Most healthcare consumers want feds to control costs, but partisan divides remain poll find

The main concern among the political parties is slightly different, with Democrats more apt to desire reform that increased access to coverage.

Voters are divided on a whole host of issues, but one area in which there's some common ground is healthcare -- a new Morning Consult Poll shows 48 percent of voters support bipartisan efforts to reform healthcare, with 36 percent saying they don't have an opinion.

A small minority, 16 percent, are opposed to bipartisan efforts at reform. Those numbers hold consistent among Democrats and Republicans, with Independents actually a bit less likely to support reform, with just 30 percent saying they'd be on board with it.

The main concerns among the political parties are slightly different, with Democrats more apt to desire reform that increases access to coverage; 43 percent said it's their main concern. Republicans were more concerned with lowering costs and limiting government.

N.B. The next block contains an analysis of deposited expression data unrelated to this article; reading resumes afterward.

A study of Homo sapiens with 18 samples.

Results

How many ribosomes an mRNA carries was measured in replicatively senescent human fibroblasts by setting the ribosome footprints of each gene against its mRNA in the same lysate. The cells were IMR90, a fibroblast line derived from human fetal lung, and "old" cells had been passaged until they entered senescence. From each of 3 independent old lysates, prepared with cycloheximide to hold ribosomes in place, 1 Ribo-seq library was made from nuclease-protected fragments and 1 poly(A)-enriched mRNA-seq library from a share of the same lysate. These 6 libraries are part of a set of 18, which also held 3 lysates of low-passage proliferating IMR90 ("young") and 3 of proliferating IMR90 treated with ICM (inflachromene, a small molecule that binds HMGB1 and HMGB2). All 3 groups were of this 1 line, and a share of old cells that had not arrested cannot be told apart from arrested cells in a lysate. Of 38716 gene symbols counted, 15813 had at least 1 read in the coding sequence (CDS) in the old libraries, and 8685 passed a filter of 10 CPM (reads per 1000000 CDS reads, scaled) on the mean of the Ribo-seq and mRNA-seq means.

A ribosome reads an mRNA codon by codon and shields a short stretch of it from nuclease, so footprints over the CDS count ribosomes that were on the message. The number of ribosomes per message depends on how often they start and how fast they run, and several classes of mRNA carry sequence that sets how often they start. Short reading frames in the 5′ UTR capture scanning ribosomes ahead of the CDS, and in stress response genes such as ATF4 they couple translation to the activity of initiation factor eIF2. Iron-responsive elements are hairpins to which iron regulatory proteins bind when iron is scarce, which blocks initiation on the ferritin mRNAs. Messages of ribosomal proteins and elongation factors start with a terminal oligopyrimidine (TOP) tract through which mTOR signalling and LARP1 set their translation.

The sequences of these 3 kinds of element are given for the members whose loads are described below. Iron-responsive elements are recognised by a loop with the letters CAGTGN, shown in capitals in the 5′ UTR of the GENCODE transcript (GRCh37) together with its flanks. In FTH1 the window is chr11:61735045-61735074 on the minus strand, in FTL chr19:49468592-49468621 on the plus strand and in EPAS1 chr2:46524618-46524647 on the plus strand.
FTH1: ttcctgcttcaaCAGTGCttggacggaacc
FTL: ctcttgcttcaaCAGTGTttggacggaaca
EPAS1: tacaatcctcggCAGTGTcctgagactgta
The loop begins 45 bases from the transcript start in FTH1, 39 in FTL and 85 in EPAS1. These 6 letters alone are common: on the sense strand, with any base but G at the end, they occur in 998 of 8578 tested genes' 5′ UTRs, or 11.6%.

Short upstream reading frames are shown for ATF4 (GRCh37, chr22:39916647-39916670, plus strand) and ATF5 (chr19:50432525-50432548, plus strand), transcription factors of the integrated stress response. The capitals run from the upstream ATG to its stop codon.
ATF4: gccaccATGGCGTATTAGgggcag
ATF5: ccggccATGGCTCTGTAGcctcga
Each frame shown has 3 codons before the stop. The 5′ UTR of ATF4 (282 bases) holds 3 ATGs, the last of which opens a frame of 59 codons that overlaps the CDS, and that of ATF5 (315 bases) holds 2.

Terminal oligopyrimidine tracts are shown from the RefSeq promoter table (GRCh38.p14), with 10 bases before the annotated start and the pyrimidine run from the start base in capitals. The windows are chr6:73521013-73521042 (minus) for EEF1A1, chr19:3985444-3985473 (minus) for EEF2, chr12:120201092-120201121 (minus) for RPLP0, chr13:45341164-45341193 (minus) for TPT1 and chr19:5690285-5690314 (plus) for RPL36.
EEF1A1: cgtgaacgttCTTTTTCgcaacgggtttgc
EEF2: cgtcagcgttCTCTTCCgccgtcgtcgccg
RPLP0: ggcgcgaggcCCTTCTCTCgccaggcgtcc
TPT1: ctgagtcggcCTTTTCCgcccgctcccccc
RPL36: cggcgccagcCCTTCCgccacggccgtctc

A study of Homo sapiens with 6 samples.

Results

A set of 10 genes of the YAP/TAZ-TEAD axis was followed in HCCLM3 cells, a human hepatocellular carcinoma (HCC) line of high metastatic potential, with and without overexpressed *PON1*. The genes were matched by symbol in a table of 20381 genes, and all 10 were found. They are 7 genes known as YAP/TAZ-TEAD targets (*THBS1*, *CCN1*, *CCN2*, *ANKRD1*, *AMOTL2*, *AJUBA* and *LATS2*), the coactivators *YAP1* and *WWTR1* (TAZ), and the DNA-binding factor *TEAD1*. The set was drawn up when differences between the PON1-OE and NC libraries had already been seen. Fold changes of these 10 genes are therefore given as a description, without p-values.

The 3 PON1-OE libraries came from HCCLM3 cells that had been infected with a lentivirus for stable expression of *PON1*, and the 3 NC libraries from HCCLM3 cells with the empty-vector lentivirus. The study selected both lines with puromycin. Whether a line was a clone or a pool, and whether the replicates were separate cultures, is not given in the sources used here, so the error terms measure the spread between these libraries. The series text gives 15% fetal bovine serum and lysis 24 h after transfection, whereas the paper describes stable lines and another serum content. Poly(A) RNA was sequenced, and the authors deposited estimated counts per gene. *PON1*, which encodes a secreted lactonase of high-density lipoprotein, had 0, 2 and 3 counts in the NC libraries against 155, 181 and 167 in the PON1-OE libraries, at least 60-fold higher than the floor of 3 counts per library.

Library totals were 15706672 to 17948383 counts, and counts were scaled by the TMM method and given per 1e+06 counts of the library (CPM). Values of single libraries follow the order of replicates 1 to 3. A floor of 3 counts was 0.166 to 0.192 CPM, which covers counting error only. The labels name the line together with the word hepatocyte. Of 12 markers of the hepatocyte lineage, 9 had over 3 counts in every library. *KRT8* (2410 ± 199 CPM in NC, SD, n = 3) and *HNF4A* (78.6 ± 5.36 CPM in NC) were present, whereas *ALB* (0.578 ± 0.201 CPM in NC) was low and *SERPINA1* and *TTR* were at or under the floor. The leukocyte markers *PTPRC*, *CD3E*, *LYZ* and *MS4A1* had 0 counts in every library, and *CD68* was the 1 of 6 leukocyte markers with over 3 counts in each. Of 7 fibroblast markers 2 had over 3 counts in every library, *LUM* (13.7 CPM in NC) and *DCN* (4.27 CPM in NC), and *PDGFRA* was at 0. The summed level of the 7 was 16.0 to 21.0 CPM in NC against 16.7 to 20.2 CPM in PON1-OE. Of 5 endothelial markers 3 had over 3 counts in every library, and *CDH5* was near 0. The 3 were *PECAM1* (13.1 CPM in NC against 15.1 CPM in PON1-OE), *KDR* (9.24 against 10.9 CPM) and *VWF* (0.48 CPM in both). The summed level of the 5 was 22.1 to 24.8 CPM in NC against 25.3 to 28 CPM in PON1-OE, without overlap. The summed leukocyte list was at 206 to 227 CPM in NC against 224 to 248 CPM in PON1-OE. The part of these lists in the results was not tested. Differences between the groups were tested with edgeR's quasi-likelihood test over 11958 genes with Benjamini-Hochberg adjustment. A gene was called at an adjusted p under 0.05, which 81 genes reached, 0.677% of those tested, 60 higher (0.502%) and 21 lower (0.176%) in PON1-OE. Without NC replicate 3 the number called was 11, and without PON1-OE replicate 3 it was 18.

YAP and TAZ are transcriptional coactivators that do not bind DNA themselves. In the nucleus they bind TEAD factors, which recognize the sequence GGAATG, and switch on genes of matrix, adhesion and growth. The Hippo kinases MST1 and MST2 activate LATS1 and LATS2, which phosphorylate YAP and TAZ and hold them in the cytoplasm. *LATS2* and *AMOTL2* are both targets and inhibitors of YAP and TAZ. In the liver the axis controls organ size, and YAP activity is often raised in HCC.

There was significant agreement among Democrats, Republicans and Independents that individuals and families pay too much for healthcare. Among all voters, 86 percent agree or somewhat agree that's the case.

Generally, Republicans favored a market-driven approach to healthcare, more so than Democrats or Independents. Democrats and Independents were more likely to favor reform that overhauled the Affordable Care Act, and at 59 percent, liberal Democrats were the most likely to feel the federal government should lead the charge when it comes to regulations placing limits on the prices that can be charged for medical services and products.

Few respondents were willing to accept the higher costs and lack of coverage associated with a market-driven approach, but cost aversion also held many back from supporting a single-payer system. 

Seventy-four percent of Democrats said they'd support a single-payer system if the government set price limits for providers and manufacturers to constrain costs, and 72 percent said they'd support single-payer if there was a substantial increase in taxes among those earning more than $250,000 annually. Among Republicans those numbers dip to 64 and 53 percent, respectively.

Forty-three percent of Democrats said ensuring everyone has access to insurance is a main priority, compared to 14 percent of Republicans. And while 25 percent of Republicans said the government should focus on lowering premiums, just 13 percent of Democrats said the same.